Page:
January 28, 2014

Training. Don't Pick Your Fruit Too Early

Staying fresh. It’s not easy. Here’s my theory – when it comes to training, we runners can easily end up like a piece of fruit left up on the counter for too long. In other words, don’t expect to stay ripe all the time, because you can end up rotten when you need to be fresh the most.

This last season was a lesson for me on being “on the shelf” for too long. I trained and raced for nine consecutive months, grinding through 3,250 miles from February to November. Completing four races; a 100k, two 100 milers and a 50 miler. By the time I was done, I was feeling like forgotten banana at the back of the cupboard.  

The races were the easy part. The hard part? Staying motivated. There were times when I struggled just to lace up my shoes and go for a run. My body was holding up, but my motivation was slowly waning. I even tried to mix up my training. The excitement that normally courses through my veins was getting thin. What I learned is this: once the fruit is ripe, I can’t expect it to remain that way for very long.

The coming season has me a little worried. As I mentioned in my last post, I’ve got four 100 mile races over a four month period starting the end of June. This makes last year look like tiddlywinks. So I’m planning on doing things a little differently. First, its January, and I’m not running much at all.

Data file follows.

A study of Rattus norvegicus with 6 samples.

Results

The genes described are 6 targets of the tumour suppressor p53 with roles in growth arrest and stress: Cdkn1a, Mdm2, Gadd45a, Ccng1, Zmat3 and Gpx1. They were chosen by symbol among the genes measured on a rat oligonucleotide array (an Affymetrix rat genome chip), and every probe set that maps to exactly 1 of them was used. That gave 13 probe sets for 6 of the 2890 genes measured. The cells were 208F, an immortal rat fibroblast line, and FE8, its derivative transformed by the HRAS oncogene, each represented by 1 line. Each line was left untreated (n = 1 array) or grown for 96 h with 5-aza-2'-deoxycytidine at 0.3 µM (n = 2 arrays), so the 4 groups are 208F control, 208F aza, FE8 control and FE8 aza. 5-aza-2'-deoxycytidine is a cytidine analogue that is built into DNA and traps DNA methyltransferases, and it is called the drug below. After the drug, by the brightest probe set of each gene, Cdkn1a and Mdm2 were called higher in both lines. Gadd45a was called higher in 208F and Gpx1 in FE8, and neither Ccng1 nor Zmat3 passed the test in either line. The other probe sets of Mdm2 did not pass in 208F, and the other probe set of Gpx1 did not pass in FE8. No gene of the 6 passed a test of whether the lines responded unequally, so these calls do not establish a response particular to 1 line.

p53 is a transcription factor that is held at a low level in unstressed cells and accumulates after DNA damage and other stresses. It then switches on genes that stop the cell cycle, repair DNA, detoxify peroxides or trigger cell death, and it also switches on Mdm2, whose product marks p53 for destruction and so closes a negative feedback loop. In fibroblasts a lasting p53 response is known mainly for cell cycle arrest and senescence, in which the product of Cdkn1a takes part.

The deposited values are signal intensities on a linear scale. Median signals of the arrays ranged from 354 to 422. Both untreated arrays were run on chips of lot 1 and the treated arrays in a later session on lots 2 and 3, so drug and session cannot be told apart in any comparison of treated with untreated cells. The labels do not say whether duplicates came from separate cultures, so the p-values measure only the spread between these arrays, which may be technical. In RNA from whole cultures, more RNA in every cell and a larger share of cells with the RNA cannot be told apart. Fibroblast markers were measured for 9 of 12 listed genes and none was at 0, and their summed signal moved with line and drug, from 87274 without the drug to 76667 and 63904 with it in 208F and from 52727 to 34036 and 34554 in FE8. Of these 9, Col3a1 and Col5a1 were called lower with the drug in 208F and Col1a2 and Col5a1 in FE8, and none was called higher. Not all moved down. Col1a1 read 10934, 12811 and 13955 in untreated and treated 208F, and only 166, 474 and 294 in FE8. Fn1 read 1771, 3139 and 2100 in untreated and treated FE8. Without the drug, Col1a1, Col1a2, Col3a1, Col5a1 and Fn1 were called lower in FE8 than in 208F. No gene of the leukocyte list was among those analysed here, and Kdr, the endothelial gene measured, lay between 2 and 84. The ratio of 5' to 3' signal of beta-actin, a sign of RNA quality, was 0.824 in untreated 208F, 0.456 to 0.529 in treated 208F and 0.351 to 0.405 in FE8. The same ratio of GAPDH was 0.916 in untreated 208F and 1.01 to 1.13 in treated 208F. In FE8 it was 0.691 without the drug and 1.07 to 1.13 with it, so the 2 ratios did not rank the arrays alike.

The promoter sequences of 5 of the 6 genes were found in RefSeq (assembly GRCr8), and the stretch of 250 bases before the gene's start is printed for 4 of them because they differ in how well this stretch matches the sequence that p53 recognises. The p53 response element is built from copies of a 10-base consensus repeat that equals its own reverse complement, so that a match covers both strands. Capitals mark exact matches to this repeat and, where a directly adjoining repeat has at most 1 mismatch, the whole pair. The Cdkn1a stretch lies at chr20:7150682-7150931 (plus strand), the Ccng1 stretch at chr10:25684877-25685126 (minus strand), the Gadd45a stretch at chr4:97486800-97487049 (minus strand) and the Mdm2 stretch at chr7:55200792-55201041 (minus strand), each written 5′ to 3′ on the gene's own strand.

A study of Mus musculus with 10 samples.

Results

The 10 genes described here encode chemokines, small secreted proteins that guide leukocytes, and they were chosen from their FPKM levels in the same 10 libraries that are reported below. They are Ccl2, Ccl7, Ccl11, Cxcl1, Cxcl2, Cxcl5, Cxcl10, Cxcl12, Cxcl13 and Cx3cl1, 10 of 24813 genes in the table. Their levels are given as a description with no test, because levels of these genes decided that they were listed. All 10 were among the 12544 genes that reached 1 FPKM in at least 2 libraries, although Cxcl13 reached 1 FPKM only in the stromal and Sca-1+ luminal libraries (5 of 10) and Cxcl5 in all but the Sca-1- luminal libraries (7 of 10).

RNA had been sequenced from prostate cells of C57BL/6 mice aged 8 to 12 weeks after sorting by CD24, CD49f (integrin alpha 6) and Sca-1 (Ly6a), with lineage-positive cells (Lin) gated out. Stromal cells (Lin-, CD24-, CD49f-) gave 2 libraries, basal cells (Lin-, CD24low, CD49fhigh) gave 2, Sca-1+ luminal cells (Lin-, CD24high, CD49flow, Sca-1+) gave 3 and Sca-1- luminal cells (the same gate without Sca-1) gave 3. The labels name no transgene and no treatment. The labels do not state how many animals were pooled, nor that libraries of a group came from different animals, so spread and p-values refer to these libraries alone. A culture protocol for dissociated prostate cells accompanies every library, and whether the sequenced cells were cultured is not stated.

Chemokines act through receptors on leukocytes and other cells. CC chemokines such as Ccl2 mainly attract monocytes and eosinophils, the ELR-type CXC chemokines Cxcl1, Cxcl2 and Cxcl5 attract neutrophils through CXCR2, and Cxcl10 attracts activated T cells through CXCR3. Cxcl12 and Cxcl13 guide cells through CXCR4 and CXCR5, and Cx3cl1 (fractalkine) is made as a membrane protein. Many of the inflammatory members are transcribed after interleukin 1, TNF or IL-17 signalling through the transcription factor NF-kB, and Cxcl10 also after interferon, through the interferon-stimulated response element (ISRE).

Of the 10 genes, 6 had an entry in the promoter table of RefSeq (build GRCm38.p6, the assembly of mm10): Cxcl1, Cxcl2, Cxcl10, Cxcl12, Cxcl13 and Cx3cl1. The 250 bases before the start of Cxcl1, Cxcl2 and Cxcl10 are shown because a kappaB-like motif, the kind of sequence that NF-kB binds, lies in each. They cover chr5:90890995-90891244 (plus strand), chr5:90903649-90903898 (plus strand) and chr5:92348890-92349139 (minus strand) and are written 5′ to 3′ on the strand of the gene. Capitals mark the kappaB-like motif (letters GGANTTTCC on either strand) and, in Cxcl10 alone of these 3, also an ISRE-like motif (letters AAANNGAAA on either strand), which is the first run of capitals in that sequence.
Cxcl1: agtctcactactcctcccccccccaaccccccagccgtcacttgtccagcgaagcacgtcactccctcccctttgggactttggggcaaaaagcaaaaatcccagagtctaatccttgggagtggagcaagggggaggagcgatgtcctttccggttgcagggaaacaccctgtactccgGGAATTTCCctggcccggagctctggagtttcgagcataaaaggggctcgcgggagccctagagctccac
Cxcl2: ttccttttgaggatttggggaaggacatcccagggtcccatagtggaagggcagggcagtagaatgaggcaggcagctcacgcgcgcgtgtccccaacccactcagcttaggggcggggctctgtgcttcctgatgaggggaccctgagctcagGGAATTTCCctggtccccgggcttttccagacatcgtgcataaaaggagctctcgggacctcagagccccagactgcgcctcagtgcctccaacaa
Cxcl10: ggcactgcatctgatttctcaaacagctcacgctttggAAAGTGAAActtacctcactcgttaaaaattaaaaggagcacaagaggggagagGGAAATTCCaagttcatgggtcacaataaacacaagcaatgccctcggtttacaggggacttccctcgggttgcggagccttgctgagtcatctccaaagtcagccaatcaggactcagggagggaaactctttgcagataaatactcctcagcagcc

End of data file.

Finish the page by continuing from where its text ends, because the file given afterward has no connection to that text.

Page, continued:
Sounds crazy, but I’m not going to get sucked into a serious training regimen until I know I can sustain it well into the summer. That would start around March and will take me through April, May and then into June. By then, my fruit will be just ripening and, if I treat it right, will remain that way through all the mountain miles before me.

Keep it real runners!


Cory Reese said...

Great post. I think the benefit to doing races closer together like that is that you can race, give yourself time to recover, and then race again while still being able to maintain your fitness. You don't have to do a lot of training between races...just maintain.

Or at least that's what I'm telling myself as I go into a busy race season.

Good luck!

Jukka Kukkonen said...

Agreed. I've seen potentially great ultra trail runners train way too hard and/or early, leading to disappointing race results.

Having said that, if you feel you need to do something other than watch tv daily, cross training is a great way to cheat the overtraining monster!

Nice pic from France btw.


Good on 'ya Will.....focusing on speed and form and taking care of family and business now will pay HUGE dividends later....

Olga said...

Sounds very familiar. So far I wasn't able to abstain long enough...year after year wading into same mistakes.